By its very nature, Memorial Day is a time for nostalgia – a sentimental longing for the members of our military who died too young and too soon.
What could they have done with their lives had they lived decades longer? Could some have changed history with new inventions, or new discoveries in science and medicine?
Undoubtedly some would have become great teachers, elected officials, doctors, business leaders, and filled hundreds of other professions and trades. And no doubt many would have become parents, bringing children into the world who could have accomplished great things as well.
Yet, the far too many deaths of yesterday allow those of us alive today to enjoy the freedoms and privileges of our uniquely American lives.
But the “might have beens” of the lost are endless. They raise questions impossible to answer.
As the nation pauses to remember our fallen heroes of war this Memorial Day, we should remember that the political and ideological divisions so pronounced in our country today should never diminish our shared sense of gratitude for the patriots who made the ultimate sacrifice to defend our country.
On the battlefield there are no Democrats or Republicans – just Americans, working together under fire to defend our freedom. We should unite as well to honor those who died for our country.
There are many memorials around our country honoring those who stepped forward to defend it.
Here is the story of one of them.
On March 7, 1984 – a cold but clear late winter’s day – Democratic New York City Mayor Ed Koch was scheduled to headline a special luncheon inside New York City’s Grand Hyatt Hotel.
Joining Koch on the dais were two of the city’s most successful and high-profile real estate developers.
At 64 years of age, Maurice Paprin was the older and more seasoned of the two. Earlier in his career, after dabbling for a short while in academia, he would eventually go on to build low-income housing in both Queens and the Lower East Side of Manhattan.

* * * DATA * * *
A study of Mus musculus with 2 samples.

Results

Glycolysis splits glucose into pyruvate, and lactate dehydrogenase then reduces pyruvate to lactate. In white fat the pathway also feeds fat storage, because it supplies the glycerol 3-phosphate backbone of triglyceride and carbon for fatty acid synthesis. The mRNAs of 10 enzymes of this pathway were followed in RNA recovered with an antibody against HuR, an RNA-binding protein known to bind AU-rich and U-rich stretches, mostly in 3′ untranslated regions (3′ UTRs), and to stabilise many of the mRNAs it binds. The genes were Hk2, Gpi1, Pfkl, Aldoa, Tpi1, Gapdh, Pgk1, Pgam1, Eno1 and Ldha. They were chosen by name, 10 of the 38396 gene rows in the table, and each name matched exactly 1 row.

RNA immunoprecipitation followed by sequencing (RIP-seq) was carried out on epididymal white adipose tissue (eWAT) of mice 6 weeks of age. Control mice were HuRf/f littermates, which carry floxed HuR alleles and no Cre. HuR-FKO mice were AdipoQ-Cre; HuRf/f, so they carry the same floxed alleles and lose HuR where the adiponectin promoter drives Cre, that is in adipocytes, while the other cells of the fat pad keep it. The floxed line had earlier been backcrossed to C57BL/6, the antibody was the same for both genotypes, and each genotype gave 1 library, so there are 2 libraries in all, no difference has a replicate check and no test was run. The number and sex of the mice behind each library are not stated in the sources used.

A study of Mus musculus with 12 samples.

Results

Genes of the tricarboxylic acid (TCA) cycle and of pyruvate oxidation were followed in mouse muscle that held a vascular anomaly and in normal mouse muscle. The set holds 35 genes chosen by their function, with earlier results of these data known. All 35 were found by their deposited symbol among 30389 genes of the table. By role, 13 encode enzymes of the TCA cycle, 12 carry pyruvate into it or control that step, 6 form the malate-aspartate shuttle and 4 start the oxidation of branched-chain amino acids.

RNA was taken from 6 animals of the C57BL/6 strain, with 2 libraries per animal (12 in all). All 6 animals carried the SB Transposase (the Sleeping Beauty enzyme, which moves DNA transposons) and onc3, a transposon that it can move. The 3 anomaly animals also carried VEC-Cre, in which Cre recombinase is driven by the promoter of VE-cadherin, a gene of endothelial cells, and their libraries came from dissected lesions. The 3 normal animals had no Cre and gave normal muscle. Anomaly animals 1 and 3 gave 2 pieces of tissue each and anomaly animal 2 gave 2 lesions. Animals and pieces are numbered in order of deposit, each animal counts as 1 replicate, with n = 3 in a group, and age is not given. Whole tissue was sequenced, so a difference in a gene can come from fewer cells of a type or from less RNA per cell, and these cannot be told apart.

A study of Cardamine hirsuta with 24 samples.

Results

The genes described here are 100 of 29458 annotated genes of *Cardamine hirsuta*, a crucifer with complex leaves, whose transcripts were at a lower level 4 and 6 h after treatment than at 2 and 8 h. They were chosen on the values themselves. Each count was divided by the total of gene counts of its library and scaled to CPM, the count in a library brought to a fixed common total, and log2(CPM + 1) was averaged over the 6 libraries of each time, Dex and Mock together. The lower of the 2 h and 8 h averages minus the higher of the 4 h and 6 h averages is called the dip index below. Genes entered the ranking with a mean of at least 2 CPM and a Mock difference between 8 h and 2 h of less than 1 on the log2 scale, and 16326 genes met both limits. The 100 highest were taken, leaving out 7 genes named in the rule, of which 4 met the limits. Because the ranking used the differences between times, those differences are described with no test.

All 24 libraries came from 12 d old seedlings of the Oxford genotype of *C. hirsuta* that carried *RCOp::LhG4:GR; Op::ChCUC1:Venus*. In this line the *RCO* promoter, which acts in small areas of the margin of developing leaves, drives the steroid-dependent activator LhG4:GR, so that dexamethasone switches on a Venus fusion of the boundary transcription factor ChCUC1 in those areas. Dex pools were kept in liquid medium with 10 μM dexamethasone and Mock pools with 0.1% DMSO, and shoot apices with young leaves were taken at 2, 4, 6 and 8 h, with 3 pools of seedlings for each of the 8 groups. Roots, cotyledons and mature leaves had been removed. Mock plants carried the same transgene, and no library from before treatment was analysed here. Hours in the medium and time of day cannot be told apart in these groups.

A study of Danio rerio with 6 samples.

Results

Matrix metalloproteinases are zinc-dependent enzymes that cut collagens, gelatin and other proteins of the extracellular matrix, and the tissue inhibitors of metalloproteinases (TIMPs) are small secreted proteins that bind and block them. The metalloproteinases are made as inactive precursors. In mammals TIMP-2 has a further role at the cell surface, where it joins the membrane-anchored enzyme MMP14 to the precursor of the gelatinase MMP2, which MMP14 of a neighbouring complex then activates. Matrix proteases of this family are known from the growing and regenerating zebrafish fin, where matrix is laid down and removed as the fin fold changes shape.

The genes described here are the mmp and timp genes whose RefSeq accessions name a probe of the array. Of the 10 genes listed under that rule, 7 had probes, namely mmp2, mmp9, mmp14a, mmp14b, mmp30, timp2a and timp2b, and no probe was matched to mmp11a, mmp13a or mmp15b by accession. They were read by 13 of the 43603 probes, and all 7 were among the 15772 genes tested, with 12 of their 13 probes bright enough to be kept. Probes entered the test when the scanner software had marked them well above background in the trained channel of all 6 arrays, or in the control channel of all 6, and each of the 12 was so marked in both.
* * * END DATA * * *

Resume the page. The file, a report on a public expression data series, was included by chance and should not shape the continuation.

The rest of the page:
Sitting beside Paprin that day was a brash 38-year-old Manhattan mogul who was seemingly everywhere, buying, building and selling properties faster than the tabloids could keep up with him.
His name was Donald J. Trump.
Trump and Koch were frequent critics of each other. They fought over a number of issues, including Trump’s attempts to get a tax cut for Trump Tower in Manhattan and to build a project called Television City in the borough.
Trump was not a candidate in 1984. He was a guy with money who wanted to make a difference by honoring the men and women who died in service to their country,
After one disagreement Trump called Koch “a moron” and said: “Koch has achieved something quite miraculous. He’s presided over an administration that is both pervasively corrupt and totally incompetent.”
But despite their differences, the unlikely triumvirate of Koch, Paprin and Trump united in 1984 to raise awareness and support for a planned Vietnam Veterans Memorial in lower Manhattan.
They were hoping for a big crowd, but only 25 people showed up. It didn’t matter. The three men launched into their respective speeches, explaining why the monument was needed and was, in fact, long overdue.
“Never have we had a war where we have treated our veterans so shabbily,” Koch began. “We have not done what we should.”
Paprin followed Koch, reminding those gathered that though he opposed the Vietnam War – and in fact was a strong anti-war activist in general – the memorial was needed.
Trump closed out the gathering with an impassioned plea. ''I was a very strong opponent of the Vietnam War,'' the future president of the United States said, ''but I also recognized that the people who went to fight were great Americans. I always thought they got a bad shake in life and never got their just recognition.''
Both Paprin and Trump pledged to use every connection and relationship they had to get the project completed in time for Memorial Day 1985. In fact, Trump was so enthusiastic about the endeavor that he donated $1 million of his own money to get the job started.
The commission wound up raising a total of $2.5 million, including Trump’s gift. When the project was dedicated a year later, Mayor Koch called Trump’s donation “instrumental in the completion of this project.”
Cynics often suggest donations are motivated by self-interest, but Trump was not a candidate in 1984. He was a guy with money who wanted to make a difference by honoring the men and women who died in service to their country,
In recent years, the memorial has been renovated and refurbished, but the original glass block wall that is 70 long and 16 feet high remains. Granite pylons contain the names of the nearly 1,800 New York City residents who died in Vietnam.
Paprin, who remained a staunch anti-war activist to the end, died in 2005.
Trump, of course, now wields the awesome power to send men and women into combat to defend our nation. Members of our military have died while he has been in office, and sadly, more are likely to die before his presidency ends.
Our presidents – both Democrat and Republican – all say sending members of the military into harm’s way is the hardest decision they face in the White House. We can only hope and pray that on Memorial Day in 2021 the list of more than 1.1 million dead we honor who fell in all of America’s war combined will not be much longer than it is today.